Cool Season Crops

Cool Season Crops

Grow cool season crops like lettuce, broccoli, and potatoes to get an early start on your spring garden. These crops thrive in cooler temperatures and are ideal spring plants. Knowing what to grow, when to plant the seeds, along with a few tricks, will help ensure your spring vegetables and crops thrive.

Know What to Grow

Many crops can tolerate colder weather and soil and can be planted as early spring vegetables. These plants are labeled as cool-season crops. Unlike warm-season crops, cool-season crops should be planted so that they mature when the weather is still cool and before the summer heat hits. When warm weather arrives, many of these early crops tend to “bolt” or prematurely run to seed. These crops flourish in temperatures lower than 70 degrees Fahrenheit so planting their seeds or transplants at the right time—ideally, early spring—will help ensure a healthy harvest.


Which spring garden plants you can grow (and when precisely to plant them) depends upon where you live. The USDA Plant Hardiness Zone Map - based on the average annual minimum winter temperature, divided into 10-degree Fahrenheit zones - offers expert guidance on which plants are likely to thrive in a given location.


Hardy and Semi-Hardy Crops

Cool-season crops can be planted when the soil and air temperatures are at least 40 degrees Fahrenheit. These crops are often further divided into hardy and semi-hardy categories, depending upon their ability to withstand cold temperatures.


Hardy vegetables tolerate cold temperatures the best—their seeds will germinate in cool soil, and seedlings can typically survive heavy frost. Plant these seeds or transplants two to three weeks before the date of the average last spring frost; they will grow in daytime temperatures as low as 40 degrees Fahrenheit.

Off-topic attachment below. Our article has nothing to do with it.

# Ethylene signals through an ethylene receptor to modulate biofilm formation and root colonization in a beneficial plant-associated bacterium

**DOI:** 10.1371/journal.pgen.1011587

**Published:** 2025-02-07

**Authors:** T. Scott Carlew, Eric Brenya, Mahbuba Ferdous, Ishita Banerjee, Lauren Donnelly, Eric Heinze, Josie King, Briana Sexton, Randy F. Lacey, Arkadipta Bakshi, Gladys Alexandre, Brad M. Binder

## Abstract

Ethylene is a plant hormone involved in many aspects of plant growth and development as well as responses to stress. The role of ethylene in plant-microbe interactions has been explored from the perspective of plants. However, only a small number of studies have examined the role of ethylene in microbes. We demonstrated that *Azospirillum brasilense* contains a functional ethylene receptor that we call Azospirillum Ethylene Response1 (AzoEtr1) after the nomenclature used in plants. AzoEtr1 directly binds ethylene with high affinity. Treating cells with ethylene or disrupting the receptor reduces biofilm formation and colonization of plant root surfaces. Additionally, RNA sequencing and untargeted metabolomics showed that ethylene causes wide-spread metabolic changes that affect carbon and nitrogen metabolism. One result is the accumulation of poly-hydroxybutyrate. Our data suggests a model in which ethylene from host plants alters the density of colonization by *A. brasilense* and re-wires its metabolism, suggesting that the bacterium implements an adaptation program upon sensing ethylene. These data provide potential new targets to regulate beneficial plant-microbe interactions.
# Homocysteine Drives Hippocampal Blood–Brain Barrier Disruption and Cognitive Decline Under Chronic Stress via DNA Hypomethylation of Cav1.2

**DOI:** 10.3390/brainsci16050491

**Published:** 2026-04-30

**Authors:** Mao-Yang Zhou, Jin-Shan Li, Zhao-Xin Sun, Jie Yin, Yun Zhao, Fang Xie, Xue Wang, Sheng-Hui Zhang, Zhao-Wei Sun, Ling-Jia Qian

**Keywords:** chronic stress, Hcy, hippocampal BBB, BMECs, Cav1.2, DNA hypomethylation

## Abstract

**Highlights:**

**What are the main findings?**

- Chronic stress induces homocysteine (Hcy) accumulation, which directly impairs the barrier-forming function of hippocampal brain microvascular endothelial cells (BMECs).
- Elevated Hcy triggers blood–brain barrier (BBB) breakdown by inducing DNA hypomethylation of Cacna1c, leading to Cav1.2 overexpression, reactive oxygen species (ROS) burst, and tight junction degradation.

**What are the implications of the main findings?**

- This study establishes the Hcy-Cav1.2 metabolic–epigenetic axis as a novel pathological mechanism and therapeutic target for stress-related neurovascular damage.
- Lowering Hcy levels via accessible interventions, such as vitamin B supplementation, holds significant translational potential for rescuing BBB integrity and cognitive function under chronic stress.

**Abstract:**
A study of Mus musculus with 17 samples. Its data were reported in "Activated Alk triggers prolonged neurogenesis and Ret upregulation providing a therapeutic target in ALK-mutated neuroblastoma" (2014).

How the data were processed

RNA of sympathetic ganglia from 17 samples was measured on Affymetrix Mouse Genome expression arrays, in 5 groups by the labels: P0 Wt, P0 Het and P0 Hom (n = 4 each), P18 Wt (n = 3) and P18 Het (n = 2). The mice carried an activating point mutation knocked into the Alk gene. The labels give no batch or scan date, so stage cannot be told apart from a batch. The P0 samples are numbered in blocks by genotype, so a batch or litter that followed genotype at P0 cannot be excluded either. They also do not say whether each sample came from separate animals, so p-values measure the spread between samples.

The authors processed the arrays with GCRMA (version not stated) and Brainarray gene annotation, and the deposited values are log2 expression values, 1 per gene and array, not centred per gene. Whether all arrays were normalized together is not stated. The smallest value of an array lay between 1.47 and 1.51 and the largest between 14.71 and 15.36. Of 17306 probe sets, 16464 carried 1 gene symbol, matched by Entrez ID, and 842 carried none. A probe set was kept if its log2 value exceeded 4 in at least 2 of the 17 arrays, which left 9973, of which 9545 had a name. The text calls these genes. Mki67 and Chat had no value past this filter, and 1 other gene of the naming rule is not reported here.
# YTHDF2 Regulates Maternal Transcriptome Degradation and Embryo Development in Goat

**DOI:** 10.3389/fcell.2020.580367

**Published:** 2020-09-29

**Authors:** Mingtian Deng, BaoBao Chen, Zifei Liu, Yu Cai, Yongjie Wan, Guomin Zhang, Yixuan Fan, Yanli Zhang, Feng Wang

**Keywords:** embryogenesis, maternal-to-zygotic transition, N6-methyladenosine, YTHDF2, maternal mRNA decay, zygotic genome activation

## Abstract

Semi-hardy vegetables withstand light frost. These crops grow best when the minimum daytime temperature is between 40 and 50 degrees Fahrenheit and can be sown as early as two weeks before the average last spring frost.


Some cool season crops fare better when direct seeded, while others can be started indoors. This chart outlines recommendations for popular crops:


Spring Garden Plants: Tips for Success

Gauge soil temperature: The odds of successfully growing cool-season crops increase if you plant them at the right temperatures so check your soil temperature before beginning. When planting seeds or transplants, measure the temperature at the recommended planting depth. Soil thermometers are available at most garden shops, but almost any thermometer will do, as long as it measures temperatures down to freezing.


Expect the unexpected: An unexpected hard freeze can ruin young plants. Keep floating row covers or old sheets on hand to cover plants and provide necessary warmth just in case temperatures dip below cold-tolerance guidelines.


Spread your bets: Spring weather can be unpredictable in many regions of the country. Sow each crop in a couple batches, staggered about a week apart, to improve your odds of catching ideal growing conditions.


Double-check with the experts: Contact your local cooperative extension office to confirm which cool-season plants thrive in your area.